That was my response to Peter Batty's call for comment on his GITA panel this week:
Thursday, 29 April 2010
Saturday, 24 April 2010
Let's look at the geographic history of land cover and surface geology of East Anglia after the Civil War , based on Ordnance Survey OpenData and British Geological Survey web mapping services (WMS). My previous posting discussed H.C. Darby's historic & geographic economics of East Anglia Fenlands between the Domesday census and the Civil War.
Thursday, 22 April 2010
A recent twittersation with @rollohome had me pull out these screen shots from Google Maps - it doesn't appear to give proper driving directions around complex British roundabouts - I thought this was a curious counterpoint for Earth Day, as we go round&round...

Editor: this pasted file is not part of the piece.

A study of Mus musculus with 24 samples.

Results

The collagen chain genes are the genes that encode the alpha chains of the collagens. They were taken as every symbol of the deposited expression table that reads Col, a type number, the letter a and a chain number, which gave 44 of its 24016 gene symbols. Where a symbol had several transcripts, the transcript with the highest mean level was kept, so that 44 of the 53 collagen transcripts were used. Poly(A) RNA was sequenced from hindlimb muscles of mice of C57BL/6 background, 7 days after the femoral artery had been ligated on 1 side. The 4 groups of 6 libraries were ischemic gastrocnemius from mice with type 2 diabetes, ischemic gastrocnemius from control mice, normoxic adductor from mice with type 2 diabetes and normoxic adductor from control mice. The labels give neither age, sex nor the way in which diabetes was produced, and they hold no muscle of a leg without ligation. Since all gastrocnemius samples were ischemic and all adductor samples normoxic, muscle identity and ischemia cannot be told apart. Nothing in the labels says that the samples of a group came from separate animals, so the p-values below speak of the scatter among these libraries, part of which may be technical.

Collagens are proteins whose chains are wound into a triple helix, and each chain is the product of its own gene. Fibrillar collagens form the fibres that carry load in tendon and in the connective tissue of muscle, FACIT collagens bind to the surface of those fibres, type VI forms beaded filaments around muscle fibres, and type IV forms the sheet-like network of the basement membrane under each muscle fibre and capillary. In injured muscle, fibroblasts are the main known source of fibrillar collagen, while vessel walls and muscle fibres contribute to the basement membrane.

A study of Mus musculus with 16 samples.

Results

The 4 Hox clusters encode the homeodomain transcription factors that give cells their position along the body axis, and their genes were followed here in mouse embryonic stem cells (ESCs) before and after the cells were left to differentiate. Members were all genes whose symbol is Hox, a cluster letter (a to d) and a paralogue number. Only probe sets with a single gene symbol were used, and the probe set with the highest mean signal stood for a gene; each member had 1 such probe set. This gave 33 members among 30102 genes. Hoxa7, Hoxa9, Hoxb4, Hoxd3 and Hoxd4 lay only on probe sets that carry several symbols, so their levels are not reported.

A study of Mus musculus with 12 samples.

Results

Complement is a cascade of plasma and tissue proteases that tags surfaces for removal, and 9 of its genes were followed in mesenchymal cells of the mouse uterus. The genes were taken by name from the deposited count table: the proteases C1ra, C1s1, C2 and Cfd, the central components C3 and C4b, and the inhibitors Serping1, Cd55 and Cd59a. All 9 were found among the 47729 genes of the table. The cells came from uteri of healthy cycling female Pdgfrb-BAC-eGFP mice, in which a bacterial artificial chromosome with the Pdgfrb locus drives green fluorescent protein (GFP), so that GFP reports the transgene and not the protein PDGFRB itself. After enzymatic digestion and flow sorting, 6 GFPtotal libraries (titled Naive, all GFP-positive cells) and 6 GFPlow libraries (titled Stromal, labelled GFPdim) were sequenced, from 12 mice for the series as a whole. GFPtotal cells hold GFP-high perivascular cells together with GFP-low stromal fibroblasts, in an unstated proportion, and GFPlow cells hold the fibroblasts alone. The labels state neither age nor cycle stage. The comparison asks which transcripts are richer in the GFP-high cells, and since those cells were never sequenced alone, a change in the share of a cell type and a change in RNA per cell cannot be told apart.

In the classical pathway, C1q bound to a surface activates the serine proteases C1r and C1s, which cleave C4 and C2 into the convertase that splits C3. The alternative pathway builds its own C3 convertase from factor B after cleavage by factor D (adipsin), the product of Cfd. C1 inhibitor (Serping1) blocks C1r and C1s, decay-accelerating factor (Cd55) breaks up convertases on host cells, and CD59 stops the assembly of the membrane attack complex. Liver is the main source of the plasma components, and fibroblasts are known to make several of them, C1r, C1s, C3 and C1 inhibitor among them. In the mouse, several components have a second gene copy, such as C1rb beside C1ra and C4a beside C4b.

Saturday, 17 April 2010
The recent release of UK Ordnance Survey OpenData opened the opportunity to post H.C. Darby's data from The Medieval Fenland and The Drainage of the Fens of East Anglia in the eastern UK. And parishes are the geographic unit that remained constant since the Middle Ages.
Monday, 12 April 2010
My previous posts here, here and here are summarised in today' reply to Matt Ball's excellent Spatial Sustain entry, What comes first, model-based design or integrated project workflows?
Friday, 9 April 2010
Friday, 2 April 2010
Thursday, 1 April 2010
To great press and technocrati fanfare, the UK Ordnance Survey freed up its data... somewhat! This was promptly announced on mapperz and Ernest Maples blogs. And commented on as far away as the US west coast by Ed Parsons and Geoff Zeiss currently in America - does location matter?